In the southern hemisphere, winter falls in the middle of the year and brings with it short but stunning days. The weather is often clear and the sunsets are spectacular, so I love to get out to shoot the mountains, glaciers, and ranges located not far from my home in Queenstown. In this expedition, I headed into Mt Aspiring National Park to capture some of the superstars of the park, like Mt Aspiring/Tititea.
And when it comes to shooting snow-covered mountains in the middle of winter, a helicopter is the only way to go.
With a little help from a few good friends
Piloting our expedition was the legendary Alfie Speight from Glacier Southern Lakes Helicopters. Also joining me on the flight was Phil Turner, a good friend and long-time location scout who has worked on many commercial and film projects around New Zealand. I couldn’t ask for a better team, and I felt confident we would get some good shots on this day.
Alfie Speight on the right, Phil Turner on the left.
The goal for this expedition was a sunset shot over Mt Aspiring/Tititea (3,033 metres/9,951 ft). For me, Mt Aspiring is a majestic and powerful place, and its distinct glaciated horn makes it stand out from other peaks. Looking at Mt Aspiring’s sharp pyramid shape, you can see why it is often called the Matterhorn of the South.
The weather forecast looked perfect – calm, clear weather with no high cloud but a small amount of low cloud hanging around the valleys. For me, these are great conditions for mountain photography.
The flight time from Queenstown Airport to Mt Aspiring is around 20 minutes. We lifted off just after 3:30pm, which gave us plenty of time to scout the area before sunset at 5:24pm. The extra time allowed us to take a few circles over the area to get an idea of what to expect before the sun began to drop.
Approaching Mt Aspiring from the south with Bonar Glacier to the left.
Similar angle towards Mt Aspiring but shot from further away with a longer lens. Mt Avalanche is in the foreground.
Above Mt Aspiring with a 110mm lens on the medium format.
The mighty Mt Aspiring
Mt Aspiring National Park is an area shaped by the immense power of glaciers. More than 12,000 years ago, huge glaciers covered the landscape. These titanic glaciers have now gone leaving behind valleys and lakes in their path. However, there are still many, many glaciers to be found high in the high alpine peaks of Mt Aspiring National Park. With time on our hands and the skill of Alfie in the cockpit, we had a special opportunity to make a glacier landing. Alfie located an excellent landing site on the ridge line above the Jura Glacier in the Forbes Mountains. As we arrived, we saw another helicopter leaving the area. This is not a sight I get to see very often, and I took the opportunity to capture some “traffic” in the mountains!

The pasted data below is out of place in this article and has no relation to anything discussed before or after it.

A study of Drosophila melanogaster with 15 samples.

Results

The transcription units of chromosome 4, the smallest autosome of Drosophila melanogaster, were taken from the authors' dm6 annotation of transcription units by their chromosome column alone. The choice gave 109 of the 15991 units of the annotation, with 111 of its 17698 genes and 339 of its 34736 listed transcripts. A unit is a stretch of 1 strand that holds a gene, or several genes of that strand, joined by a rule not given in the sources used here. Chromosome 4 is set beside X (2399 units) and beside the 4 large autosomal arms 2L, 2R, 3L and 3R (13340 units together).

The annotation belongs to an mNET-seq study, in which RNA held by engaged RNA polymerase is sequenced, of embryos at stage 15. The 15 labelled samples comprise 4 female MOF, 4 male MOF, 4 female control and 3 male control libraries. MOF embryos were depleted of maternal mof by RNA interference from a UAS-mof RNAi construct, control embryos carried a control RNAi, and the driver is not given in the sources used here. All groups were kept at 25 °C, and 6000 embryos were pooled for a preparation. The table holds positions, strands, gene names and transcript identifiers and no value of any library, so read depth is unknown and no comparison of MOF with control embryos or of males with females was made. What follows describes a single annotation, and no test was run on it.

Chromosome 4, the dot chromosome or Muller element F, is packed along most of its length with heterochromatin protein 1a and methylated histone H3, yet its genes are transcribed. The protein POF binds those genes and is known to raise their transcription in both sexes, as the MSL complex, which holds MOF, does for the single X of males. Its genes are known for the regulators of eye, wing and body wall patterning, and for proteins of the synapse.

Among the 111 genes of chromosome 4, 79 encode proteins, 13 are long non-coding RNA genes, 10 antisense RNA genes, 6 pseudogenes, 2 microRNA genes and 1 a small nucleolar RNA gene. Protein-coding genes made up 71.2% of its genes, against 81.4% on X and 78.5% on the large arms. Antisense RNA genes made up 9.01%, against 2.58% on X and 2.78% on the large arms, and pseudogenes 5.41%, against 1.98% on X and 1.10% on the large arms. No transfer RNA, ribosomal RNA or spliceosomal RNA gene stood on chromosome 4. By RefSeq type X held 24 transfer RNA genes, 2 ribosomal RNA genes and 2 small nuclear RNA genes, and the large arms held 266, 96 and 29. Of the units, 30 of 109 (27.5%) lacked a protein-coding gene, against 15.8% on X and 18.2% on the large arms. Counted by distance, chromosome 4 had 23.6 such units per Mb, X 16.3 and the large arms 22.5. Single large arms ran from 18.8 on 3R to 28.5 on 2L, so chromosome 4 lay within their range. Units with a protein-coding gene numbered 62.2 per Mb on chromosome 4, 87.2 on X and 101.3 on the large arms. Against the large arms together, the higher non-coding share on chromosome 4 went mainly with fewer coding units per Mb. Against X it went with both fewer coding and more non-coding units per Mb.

Jura Glacier in the Forbes Mountains.
The three of us waiting for the shadows to get even longer. Mt Head in the background.
After 30 minutes of enjoying this truly remarkable location, it was time to return to Mt Aspiring in time for sunset. The helicopter flew north over the Dart Valley and Mt Ian. I took the opportunity to capture the scene; this shot shows the ridgeline where we had just landed (white flat area left to the valley) and Mt Earnslaw to the far left.
Mt Ian looking back towards the Forbes Mountains.
The Southern Alps at its best
Turning to the northeast, we flew over the Snowdrift Range and Snow White Glacier. I like this aspect as it captures the lineup of mountain tops – here you can see Pivot Peak closest to the camera, then Mt Maruiwi, Mt Maori and Mt Aspiring to the left. In front of and below Mt Aspiring is Mt Barff. With the sun setting, we get the wonderful effect of the west-facing flanks in full sunlight and the valleys growing darker.
Gold medal at the New York Photography Awards – The Pivot Ridge.
This shot was taken with the 55mm lens with the PhaseOne medium format camera. Happy with the shots so far, I swapped to my favourite 24mm lens for Mt Aspiring. This lens allows me to get closer to the mountain and still capture the backdrop to tell the whole story.
As you can see from the next image, Mt Aspiring can look very different depending on your position. This image is taken from the west, and you could be mistaken for thinking I was in Switzerland looking at the famous Matterhorn.
The New Zealand Matterhorn
From the north, the mountain looks completely different, with the bonus of seeing the shadow of Mt Aspiring off to the far left.
Using the super-wide angle lens
In this picture, you see the effect of the uncorrected 24mm lens. As soon as you point the camera down using this lens, the horizon appears curved. It is quite a bit of work in post-production to get the horizon line straight again.
On the other hand, this is one of the sharpest super-wide angle lenses I have ever worked with. It is very important with low light as you shoot with an open f-stop like 5.6 or similar. Most lenses—even those that are less wide—will get very blurry in the corners. Not this one.
Last view towards the disappearing sun.
As the sun began to drop away, I was happy I had got what I was after ‑ the mighty Mt Aspiring in the evening winter light. And I was able to do it with the help of two great friends in an area I love. What a treat.